Opening hours: Monday to Friday: 8:30am - 5:30pm Saturday: 8:30am - 12:30pm Closed for Lunch: 1:00pm - 2:00pm
contact@leehmeyecentre.com.sg
Call us at 6470 3366

iStent for Glaucoma

iStent for Glaucoma

iStent inject trabecular micro-bypass stent for the treatment of mild-to-moderate open-angle glaucoma

What is the iStent inject?

The most common form of glaucoma is primary open-angle glaucoma, where the aqueous fluid that normally circulates in the front portion of the eye is blocked from flowing back out of the eye through a tiny drainage system. This causes the pressure inside your eye to increase, which can damage the optic nerve and lead to vision loss.

The iStent inject trabecular micro-bypass stent, one of the smallest known implants (0.36 mm long x 0.23 mm wide) used in humans, helps increase the outflow of fluid by creating an opening in the resistant drainage eye layer so that the fluid can flow through, thereby decreasing eye pressure. The iStent inject is the second-generation device of iStent, which was approved by the United States Food and Drug Administration in 2012.

Clinical trials* have shown that most patients with mild-to-moderate open-angle glaucoma implanted with iStent inject have decreased eye pressure and medication use compared with their previous treatment regimen for at least one year. Some patients managed to be on no medications.

LEE HUNG MING EYE CENTRE ISTENT GLAUCOMA TREATMENT

TheGlaukos CorporationiStent inject is preloaded with two stents. Each stent is approximately 0.3 mm in diameter and 0.4 mm long.

How are iStent inject stents implanted in the eye?

One iStent inject applicator implants two stents into one eye. The iStent inject can be implanted during a cataract surgery or as a standalone procedure. The benefit of doing it in the same setting as a cataract procedure is that the same tiny incision used to remove your cataract lens and implant a new lens can also be used to implant the stents. In a standalone procedure, the doctor will create the same single micro-incision as done in the common cataract procedure.

The doctor will tilt your head slightly. He will place a gonioscope onto your eye which is like a magnifying glass so that he can see the layers of the eye through the microscope. The iStent inject applicator which contains the stents will be inserted into the eye through the tiny incision, and the doctor will gently implant one stent into the resistant layer, move two-clock hours over and implant the other stent into the same layer. The applicator is then withdrawn.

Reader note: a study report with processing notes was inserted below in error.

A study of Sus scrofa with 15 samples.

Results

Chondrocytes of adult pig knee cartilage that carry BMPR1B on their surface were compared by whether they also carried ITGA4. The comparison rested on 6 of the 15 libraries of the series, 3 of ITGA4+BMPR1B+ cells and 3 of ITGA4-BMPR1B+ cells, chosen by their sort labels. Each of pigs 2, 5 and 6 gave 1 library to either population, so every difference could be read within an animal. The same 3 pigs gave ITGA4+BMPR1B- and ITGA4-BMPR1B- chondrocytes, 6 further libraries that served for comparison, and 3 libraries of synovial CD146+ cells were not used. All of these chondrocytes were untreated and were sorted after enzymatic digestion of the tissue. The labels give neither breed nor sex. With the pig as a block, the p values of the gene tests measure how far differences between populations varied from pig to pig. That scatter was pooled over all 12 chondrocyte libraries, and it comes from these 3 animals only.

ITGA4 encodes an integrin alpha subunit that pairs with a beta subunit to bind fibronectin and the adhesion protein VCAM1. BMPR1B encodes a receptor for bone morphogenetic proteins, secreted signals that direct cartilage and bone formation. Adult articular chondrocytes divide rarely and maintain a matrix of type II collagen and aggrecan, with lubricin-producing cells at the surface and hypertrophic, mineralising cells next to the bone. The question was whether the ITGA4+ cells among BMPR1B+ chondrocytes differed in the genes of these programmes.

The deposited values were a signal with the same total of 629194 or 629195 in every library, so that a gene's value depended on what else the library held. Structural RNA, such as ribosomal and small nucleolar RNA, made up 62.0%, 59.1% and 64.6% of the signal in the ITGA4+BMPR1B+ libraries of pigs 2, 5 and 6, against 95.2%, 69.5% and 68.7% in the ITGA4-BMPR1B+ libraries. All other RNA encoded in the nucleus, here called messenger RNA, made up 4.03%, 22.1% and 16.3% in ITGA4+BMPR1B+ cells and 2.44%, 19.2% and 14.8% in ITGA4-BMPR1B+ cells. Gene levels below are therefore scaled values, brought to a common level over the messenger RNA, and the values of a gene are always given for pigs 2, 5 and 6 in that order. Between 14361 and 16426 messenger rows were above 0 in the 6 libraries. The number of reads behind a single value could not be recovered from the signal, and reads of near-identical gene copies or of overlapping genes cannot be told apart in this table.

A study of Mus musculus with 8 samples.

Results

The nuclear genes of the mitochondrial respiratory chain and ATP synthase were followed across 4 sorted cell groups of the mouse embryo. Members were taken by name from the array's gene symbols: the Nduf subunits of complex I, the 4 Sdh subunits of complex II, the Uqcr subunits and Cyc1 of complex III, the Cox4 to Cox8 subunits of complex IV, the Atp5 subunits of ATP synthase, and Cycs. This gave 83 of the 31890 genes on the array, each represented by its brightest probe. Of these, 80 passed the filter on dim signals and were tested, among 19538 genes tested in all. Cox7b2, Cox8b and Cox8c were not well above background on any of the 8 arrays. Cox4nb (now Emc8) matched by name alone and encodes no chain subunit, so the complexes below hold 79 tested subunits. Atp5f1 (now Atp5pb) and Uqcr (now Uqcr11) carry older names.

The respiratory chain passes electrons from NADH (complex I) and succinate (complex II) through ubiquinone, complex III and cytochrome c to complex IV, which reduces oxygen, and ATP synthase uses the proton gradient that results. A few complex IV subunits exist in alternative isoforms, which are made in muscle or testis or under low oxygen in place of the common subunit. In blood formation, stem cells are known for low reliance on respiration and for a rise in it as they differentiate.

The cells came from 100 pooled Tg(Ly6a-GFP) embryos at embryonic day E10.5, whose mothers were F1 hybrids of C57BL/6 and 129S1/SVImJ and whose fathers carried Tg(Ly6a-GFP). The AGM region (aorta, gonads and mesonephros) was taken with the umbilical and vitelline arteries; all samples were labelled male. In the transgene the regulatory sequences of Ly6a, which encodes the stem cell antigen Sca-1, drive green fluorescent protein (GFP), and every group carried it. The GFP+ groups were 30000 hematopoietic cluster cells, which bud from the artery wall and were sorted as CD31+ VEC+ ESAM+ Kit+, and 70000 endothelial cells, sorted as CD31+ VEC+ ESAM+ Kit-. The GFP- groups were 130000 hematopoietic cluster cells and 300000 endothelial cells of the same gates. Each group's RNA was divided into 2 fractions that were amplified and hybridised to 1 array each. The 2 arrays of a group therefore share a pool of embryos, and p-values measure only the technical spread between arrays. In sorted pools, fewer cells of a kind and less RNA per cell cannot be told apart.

Video animation depicting the iStent procedure

Who are good candidates for iStent Inject?

Patients with mild-to-moderate open-angle glaucoma who need to lower eye pressure, wish to reduce medication burden, find it difficult to comply with medical therapy or have side effects from medication may be suitable for iStent inject.


What are the risks and complications?

Clinical trials have shown iStent inject procedure and implant to be a safe and effective treatment option alternative for patients with mild-to-moderate open angle glaucoma. The few minor adverse events reported were treatable or resolved on their own.


References
*Arriola-Villalobos P, Martinez-de-la-Casa JM, Diaz-Valle D, et al. Glaukos iStent inject trabecular micro-bypass implantation associated with cataract surgery in patients with coexisting cataract and open-angle glaucoma or ocular hypertension: a long-term study. J Ophthalmol.2016;2016:1056573.
Fea AM, Belda JI, Rekas M, et al. Prospective unmasked randomized evaluation of the iStent inject versus two ocular hypotensive agents in patients with primary open-angle glaucoma. Clinical Ophthalmology. 2014;8:875-882.
Lindstrom R, Lewis R, Hornbeak DM, et al. Outcomes following implantation of two second-generation trabecular micro-bypass stents in patients with open-angle glaucoma on one medication: 18-month follow-up. Adv Ther. 2016;33:2082-2090.
Voskanyan L, Garcia-Feijoo J, Belda JI, et al. Prospective, unmasked evaluation of the iStent inject system for open-angle glaucoma: Synergy trial. Adv Ther. 2014;31:189-201.